As the bring-your-own-device (BYOD) approach to workplace mobility continues to mature, business leaders must balance performance and security without sacrificing one for the other.
For IT departments, specifically those that cling to outdated policies that restrict BYOD, the problem is exacerbated by having to rely on outdated and costly technology.
But as consumer devices become ubiquitous, businesses have no choice but to provide the same level of performance, user experience and flexibility in their IT assets. These expectations have led many companies to allow personal devices in the workplace, despite the inherent security risks.
Business data kept on personal devices must remain secure, said Cameron Byers, an enterprise security engineer for security solutions provider Sophos.
“Users are accessing corporate data on their personal mobile devices more and more, creating management and security challenges for IT admins,” Byers said. “As workplace and personal lines increasingly blur with the intermingling of devices, IT admins will need to be extra vigilant.”
To keep up with how people want to work, Samsung is expanding its Knox security platform to include a suite of business tools that go beyond mobile to serve as the foundation for all of its enterprise solutions and services.
Balancing Flexibility With Security
Introduced in 2013, Knox is recognized as a robust security platform with a capacity to protect mobile devices at every layer — from hardware through software to application.
One of the reasons Knox succeeds in the enterprise as a security solution is the Knox Platform for Enterprise, which meets two critical customer needs — privacy and security. Knox Platform for Enterprise is a container that runs on the platform and is designed to isolate, encrypt and protect work data from attackers by separating work environments from those used for other activities. In doing so, the container ensures that work data and personal data are segregated; only the work container is managed by the enterprise. Employee privacy is protected since the IT department is unable to manage and control personal data, such as photos and messages.
As Knox strengthens its position within the enterprise, the suite will have far-reaching applications across Samsung enterprise solutions and services. It’s designed to give users the power to find better ways to work while protecting sensitive data, allowing them to focus on new business opportunities and other core objectives.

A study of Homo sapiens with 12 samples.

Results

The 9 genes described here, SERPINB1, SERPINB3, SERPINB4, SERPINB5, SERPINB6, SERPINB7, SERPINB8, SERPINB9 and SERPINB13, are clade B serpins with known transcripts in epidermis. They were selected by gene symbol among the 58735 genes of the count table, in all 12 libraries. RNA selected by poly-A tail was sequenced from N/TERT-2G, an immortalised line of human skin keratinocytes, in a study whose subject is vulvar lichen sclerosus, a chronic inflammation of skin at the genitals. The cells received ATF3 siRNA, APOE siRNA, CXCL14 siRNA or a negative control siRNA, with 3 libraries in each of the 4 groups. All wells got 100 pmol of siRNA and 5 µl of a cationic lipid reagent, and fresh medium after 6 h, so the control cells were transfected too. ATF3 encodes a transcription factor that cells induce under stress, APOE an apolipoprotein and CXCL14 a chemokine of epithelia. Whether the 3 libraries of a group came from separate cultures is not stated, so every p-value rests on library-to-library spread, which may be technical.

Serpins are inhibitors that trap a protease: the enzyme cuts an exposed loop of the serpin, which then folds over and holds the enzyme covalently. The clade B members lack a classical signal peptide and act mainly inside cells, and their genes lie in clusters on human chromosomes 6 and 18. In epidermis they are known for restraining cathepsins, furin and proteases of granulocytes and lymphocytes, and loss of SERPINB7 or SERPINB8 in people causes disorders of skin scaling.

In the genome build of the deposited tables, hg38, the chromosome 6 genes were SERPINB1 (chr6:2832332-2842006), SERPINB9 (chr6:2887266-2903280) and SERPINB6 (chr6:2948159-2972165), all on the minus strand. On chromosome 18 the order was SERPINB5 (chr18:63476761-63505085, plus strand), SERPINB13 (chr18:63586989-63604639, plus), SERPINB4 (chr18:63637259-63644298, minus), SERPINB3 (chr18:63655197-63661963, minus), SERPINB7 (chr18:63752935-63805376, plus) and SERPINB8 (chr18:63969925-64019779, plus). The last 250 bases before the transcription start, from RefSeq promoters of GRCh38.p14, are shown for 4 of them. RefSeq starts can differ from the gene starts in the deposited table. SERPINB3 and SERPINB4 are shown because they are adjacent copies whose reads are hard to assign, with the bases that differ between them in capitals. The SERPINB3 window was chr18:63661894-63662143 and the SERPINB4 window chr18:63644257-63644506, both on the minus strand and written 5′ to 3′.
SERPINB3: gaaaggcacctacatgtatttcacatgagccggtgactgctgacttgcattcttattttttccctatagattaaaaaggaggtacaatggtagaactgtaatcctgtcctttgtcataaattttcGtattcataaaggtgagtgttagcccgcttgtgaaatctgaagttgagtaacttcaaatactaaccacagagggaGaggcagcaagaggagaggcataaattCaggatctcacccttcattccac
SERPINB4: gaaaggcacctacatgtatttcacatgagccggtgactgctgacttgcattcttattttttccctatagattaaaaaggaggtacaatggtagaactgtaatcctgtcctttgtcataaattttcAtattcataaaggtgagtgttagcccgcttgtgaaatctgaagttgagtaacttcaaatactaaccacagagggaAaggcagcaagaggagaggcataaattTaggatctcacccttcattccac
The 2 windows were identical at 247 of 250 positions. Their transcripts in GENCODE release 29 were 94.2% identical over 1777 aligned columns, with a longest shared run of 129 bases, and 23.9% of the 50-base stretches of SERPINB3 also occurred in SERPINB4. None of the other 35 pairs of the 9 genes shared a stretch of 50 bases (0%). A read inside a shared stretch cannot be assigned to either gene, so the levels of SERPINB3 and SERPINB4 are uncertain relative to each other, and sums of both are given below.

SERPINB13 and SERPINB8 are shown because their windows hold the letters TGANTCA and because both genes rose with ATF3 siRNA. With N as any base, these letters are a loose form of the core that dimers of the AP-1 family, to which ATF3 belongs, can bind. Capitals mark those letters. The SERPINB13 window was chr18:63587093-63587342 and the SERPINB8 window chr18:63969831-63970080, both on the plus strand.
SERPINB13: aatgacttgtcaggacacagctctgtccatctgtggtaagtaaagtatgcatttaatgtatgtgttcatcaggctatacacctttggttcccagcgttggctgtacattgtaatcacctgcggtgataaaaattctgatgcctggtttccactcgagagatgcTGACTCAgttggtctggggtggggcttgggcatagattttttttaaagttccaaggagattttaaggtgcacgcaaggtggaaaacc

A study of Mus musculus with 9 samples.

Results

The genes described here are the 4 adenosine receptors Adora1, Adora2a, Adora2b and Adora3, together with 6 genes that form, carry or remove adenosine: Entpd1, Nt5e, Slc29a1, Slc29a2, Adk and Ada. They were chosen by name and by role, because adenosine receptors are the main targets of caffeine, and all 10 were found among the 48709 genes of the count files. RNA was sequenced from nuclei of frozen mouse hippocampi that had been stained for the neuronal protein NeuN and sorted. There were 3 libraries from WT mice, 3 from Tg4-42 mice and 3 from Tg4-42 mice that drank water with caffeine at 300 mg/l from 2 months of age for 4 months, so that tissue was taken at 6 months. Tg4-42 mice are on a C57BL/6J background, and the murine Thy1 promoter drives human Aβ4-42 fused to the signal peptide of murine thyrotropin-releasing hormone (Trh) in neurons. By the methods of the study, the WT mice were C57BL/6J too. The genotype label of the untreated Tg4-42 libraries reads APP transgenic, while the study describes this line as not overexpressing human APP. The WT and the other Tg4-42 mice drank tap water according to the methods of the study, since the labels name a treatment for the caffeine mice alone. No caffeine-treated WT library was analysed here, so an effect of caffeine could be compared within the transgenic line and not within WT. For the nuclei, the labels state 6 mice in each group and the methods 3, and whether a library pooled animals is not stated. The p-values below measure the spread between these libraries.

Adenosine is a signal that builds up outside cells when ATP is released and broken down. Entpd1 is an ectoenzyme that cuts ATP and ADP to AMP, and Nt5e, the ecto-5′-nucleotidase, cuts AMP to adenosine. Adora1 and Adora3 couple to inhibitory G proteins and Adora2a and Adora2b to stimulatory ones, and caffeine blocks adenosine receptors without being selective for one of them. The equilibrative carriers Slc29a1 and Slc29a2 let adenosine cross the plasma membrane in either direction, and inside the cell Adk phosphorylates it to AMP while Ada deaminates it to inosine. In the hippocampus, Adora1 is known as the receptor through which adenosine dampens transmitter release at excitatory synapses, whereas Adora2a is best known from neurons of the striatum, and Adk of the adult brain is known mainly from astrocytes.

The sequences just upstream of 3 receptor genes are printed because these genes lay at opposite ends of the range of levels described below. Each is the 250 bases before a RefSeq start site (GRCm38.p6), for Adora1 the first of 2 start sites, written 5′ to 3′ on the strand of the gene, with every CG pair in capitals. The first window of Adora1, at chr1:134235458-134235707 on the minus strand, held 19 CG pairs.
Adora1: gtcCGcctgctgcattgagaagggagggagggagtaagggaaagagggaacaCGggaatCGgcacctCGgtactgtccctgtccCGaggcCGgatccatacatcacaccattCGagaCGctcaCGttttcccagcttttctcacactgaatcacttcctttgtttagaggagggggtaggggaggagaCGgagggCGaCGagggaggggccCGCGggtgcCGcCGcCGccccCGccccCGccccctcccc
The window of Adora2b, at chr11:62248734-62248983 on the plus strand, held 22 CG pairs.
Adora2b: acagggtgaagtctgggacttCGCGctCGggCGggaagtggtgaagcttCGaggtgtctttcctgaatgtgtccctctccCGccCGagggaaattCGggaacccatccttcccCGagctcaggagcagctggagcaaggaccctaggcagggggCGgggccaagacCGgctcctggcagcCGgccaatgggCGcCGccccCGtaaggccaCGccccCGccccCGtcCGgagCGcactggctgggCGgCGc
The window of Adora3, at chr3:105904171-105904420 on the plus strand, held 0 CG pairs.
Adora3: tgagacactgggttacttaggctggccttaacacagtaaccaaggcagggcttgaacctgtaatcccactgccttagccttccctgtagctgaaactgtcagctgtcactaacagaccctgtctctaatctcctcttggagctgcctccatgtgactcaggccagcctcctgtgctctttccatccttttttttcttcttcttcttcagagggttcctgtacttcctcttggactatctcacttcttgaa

Meeting The Demands Of The Modern Workforce
With BYOD solidified and consumer tech influencing how employees view workplace tools, the notion that business technology should provide what employees expect is irrefutable.
Two primary expectations of today’s workers — intuitiveness and ease of use — are pillars of the Knox suite, the company said.
That’s why Samsung has permitted developers to configure off-the-shelf mobile device functions to match up with specific business requirements.
This realization within Samsung led to the development of Knox Customization, which is offered as an app development toolkit and a more granular service. The Knox Customization Toolkit creates purpose-built mobile devices by enabling developers to optimize how a device is configured and how content is deployed. Knox Customization Services allows changes down to the binary level based on technical consultation from Samsung.
Businesses have used Knox Customization to create bespoke mobile devices that save time and improve the customer experience. In retail, store clerks can check inventory and ring up purchases without leaving the sales floor. Meanwhile, mobile devices in hotel rooms allow guests to control entertainment, lighting and what room service brings for breakfast.
These examples illustrate how businesses can use Knox to create intuitive, purpose-built tools that are designed to facilitate innovation and deliver defense-grade security.
With Knox, companies get business tools for the ways people want to work.
Mark Stone worked in information technology for many years before deciding to make a career writing about it. He lives in Canada and also covers entertainment.